New research into students’ understanding of the dermatology field suggests greater knowledge and exposure may instill greater appreciation for it among medical students.
Rewan Abdelwahab, BA
In a recent literature review, early exposure to the dermatology field for American undergraduate premedical students was found to lead to interest in pursuing the field.
The study’s investigators cited a lack of available literature on the perceptions of medical students regarding the dermatology field.
They acknowledged that without adequate exposure to the field early on, students may be deterred.
The research was led by Rewan Abdelwahab, BA, from the Mayo Clinic Alix School of Medicine in Rochester, Minnesota.
“Medical students are not adequately exposed to dermatology during medical school leading to misconceptions about the field,” Abdelwahab and colleagues wrote. “This may deter otherwise qualified applicants and potentially decrease the diversity of the applicant pool applying to a dermatology residency. Increased exposure…may ultimately influence their decision on pursuing it as a speciality.”
The study’s investigators conducted their literature review through the use of several databases such as Pubmed, Web of Science, Scopus, Embase, and ScienceDirect, seeking out English articles and abstracts written from 2016 to 2021.
The 8 articles that ended up being explored had to do with medical students’ beliefs and perceptions regarding dermatology, with a focus on such elements as socioeconomics, skin color, diversity, and dermatologic condition experiences.
Three of the investigators reviewed the articles independently to determine the meeting of inclusion criteria, including the following information:
They excluded studies which were either duplicates, studies not meeting the above inclusion criteria, or abstracts from conferences.
The study found 8 accessible articles in total for the literature review, and their findings indicated that many non-US students viewed the field as being monotonous, stigmatized, unfamiliar, and difficult to access.
The results indicated that these medical students misunderstood both the wide variety and severity of the different types of conditions treated in the dermatology field.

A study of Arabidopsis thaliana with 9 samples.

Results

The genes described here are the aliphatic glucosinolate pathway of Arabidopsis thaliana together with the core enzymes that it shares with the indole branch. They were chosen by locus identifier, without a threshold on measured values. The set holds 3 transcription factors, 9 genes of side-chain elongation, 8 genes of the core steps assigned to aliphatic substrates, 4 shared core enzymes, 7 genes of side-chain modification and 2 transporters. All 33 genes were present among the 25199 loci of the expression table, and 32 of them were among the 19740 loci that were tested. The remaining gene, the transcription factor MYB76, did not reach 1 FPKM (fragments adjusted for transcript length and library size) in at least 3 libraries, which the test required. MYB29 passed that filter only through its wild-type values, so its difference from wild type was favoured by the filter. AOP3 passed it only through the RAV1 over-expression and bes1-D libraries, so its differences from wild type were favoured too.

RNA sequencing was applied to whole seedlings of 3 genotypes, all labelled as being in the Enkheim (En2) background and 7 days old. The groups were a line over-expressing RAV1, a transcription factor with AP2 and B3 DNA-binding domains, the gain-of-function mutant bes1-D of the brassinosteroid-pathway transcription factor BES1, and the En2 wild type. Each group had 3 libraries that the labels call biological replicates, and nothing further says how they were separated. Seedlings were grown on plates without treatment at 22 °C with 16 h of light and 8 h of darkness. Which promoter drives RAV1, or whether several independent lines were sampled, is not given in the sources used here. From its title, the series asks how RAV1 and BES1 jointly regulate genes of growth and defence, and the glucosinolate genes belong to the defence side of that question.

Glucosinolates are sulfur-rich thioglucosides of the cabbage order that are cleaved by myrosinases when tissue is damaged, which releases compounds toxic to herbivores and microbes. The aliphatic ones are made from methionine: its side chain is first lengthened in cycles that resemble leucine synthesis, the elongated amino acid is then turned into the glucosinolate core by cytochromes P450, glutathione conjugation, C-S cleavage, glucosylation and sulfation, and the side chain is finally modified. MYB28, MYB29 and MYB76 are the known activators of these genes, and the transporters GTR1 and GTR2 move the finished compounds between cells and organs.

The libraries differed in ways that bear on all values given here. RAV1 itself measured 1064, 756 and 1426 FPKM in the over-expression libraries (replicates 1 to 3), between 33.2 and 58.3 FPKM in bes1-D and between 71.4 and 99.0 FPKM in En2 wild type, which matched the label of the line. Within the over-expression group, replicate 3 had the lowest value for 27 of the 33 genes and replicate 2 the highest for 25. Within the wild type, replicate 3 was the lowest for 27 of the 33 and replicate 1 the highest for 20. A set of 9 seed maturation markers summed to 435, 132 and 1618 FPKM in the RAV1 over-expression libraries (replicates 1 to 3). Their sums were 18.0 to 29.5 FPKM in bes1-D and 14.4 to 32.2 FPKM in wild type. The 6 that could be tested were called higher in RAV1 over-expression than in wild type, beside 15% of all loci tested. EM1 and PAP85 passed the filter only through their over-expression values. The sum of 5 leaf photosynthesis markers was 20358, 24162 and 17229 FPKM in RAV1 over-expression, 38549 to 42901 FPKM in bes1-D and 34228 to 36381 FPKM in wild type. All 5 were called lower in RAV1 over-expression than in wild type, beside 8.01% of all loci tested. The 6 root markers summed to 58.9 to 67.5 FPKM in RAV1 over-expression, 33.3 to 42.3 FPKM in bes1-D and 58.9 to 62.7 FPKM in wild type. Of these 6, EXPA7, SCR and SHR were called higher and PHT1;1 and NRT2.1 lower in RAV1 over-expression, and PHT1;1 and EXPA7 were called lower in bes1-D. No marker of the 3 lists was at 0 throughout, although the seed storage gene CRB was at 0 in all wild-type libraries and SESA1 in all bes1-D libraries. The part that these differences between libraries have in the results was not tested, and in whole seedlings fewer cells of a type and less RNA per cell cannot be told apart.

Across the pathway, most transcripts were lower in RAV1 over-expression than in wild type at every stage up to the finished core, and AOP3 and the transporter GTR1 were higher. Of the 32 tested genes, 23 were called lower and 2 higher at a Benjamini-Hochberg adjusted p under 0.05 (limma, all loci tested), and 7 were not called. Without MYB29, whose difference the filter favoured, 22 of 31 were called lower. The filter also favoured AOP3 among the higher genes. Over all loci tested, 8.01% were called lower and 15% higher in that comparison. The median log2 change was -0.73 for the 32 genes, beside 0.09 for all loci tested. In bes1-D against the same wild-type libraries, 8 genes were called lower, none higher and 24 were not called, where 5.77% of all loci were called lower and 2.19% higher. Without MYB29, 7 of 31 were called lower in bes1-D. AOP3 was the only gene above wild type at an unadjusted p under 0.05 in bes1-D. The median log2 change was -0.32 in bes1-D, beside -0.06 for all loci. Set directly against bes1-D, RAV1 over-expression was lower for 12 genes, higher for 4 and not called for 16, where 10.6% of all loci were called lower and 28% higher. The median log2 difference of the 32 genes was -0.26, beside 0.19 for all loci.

The research team found that those who found the field appealing to pursue career planning in the field often had to do with portrayal in the media and on dermatologists' influence on the experiences of patients.
They cited that decisions were often based on perceptions, and that students might reject specific specialties following negative comments.
Most notably, the review’s data indicated that dermatology-related activities led to higher interest and understanding of dermatology, and that early exposure by undergraduate premedical students often led to more more confidence in finding mentors in the field, more interest in it, and a greater perception that the field helps address underserved communities’ needs.
“To promote an equitable match and to bolster ongoing diversity, equity, and inclusion recruitment and retention initiatives in the field, further investigation is needed to understand what misconceptions or perceptions may be preventing students from enrolling in dermatology pipeline programs,” they wrote. “Understanding this knowledge can bolster recruitment of a more diverse pool of students into dermatology programs, improve public perception of the field, and grow funding for dermatology health initiatives.”
The study, “Scoping review of medical students' perceptions of the field of dermatology,” was published online by Skin and Health Disease.